Survival Wilderness Survival

Close Call With a Timber Rattlesnake in a Treestand, 20 Feet Off the Ground

A Georgia wildlife biologist checking a treestand came eye-to-eye with a timber rattler
This rattle snake was perched on a treestand seat. Brian Murphy

It was Aug. 13, just after noon, and wildlife biologist Brian Murphy was in deer-rich Morgan County, Georgia inspecting his treestands before hunting season.

“This is a first—and hopefully a last—for me,” Murphy wrote in a Facebook post. “Over the past 30-plus years, I’ve climbed in and out of countless treestands and have become accustomed to occasional unwanted guests including wasps, spiders, raccoons, owls, and few other critters, but never a three-foot timber rattler.”

Murphy says he was 20 feet high in a tree replacing a ratchet strap on a lock-on stand when he noticed a snake staring at him from eye level, just 18 inches away.

“I had already been fiddling with the stand for a good three to four minutes, with my hands in striking range (of the snake) several times,” wrote Murphy, vice president for corporate relations at Huntstand. “My first thought was rat snake, but then I noticed the unmistakable shape of a pit viper head and realized it was a ‘nope rope’!”

Murphy climbed down from the stand, found a tree limb, and then went back up to flip the rattler out of the stand.

Brian Murphy used a stick to flip the snake out of his stand. Brian Murphy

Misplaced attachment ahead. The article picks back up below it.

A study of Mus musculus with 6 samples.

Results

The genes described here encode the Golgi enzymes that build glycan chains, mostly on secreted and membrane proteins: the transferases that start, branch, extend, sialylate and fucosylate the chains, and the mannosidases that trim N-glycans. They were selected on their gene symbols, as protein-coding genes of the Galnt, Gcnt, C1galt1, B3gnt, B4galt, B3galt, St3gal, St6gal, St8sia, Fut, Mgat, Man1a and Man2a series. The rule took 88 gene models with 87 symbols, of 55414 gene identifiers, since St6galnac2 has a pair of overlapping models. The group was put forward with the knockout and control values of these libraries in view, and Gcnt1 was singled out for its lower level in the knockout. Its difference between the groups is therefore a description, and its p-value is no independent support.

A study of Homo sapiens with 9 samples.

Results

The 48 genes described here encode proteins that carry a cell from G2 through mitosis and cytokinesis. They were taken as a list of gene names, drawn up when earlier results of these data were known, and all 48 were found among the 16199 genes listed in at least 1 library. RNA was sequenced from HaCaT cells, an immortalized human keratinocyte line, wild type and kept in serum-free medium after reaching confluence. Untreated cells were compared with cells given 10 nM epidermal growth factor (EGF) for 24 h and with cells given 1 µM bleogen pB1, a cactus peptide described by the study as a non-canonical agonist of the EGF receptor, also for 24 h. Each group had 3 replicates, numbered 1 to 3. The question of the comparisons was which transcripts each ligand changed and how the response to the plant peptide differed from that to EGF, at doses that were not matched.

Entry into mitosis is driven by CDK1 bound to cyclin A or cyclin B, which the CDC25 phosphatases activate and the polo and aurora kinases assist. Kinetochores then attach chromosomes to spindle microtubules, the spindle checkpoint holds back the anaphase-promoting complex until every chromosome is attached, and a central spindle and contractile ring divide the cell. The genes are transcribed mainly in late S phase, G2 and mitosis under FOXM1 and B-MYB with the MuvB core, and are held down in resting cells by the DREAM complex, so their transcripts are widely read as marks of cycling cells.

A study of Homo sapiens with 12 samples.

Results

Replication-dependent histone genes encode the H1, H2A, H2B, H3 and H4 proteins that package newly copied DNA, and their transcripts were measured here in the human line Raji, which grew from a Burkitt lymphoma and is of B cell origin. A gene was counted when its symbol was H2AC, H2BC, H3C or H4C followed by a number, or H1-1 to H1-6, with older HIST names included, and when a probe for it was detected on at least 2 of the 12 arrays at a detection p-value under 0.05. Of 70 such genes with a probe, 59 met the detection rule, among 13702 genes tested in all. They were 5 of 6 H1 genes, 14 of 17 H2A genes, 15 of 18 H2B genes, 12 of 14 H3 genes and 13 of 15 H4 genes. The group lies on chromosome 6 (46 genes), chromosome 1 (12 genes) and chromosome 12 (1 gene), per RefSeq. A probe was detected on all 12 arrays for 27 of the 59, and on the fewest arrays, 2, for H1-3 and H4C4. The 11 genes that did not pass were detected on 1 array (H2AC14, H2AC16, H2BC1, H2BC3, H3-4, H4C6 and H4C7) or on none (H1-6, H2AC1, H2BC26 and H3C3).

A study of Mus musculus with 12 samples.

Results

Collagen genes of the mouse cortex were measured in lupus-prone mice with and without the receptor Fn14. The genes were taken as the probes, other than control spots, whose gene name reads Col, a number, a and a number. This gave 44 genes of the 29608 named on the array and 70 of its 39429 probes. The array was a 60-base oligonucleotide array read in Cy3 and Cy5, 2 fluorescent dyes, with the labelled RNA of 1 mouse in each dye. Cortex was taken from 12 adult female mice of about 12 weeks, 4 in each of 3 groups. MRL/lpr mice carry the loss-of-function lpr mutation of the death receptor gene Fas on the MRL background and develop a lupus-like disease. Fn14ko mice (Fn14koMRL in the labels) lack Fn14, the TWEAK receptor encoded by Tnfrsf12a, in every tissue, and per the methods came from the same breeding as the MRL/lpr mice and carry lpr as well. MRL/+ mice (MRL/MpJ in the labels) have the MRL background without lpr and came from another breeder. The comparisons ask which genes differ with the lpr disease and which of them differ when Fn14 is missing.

“Boy, would this have been trouble if it had struck my face while in the tree or if a hunter climbed in before daylight and opened the seat to sit down,” he said. “Thought I’d just about seen it all in tree stands, but never even considered the remote possibility of finding a rattler! Be careful out there.”

Since rattlesnakes are not known for climbing, how the snake got up in the tree and into the stand seat is a mystery that may never be resolved.

Read Next: 7 Ways Not to Die from a Rattlesnake Bite

Timber rattlesnakes are a venomous species of pit viper that live throughout the East and Midwest. They can grow up to 60 inches in length, but most are smaller. The species has a broad, triangular-shaped head and narrow neck, a distinctive barred body pattern, significantly keeled scales, a gray to tan rattle with 1 to over 13 segments, and a single anal plate, according to the Minnesota Department of Natural Resources. Timber rattlesnakes also have a sensory pit, visible on each side of their head, between their eye and nostril. Their eyes have vertically elliptical pupils.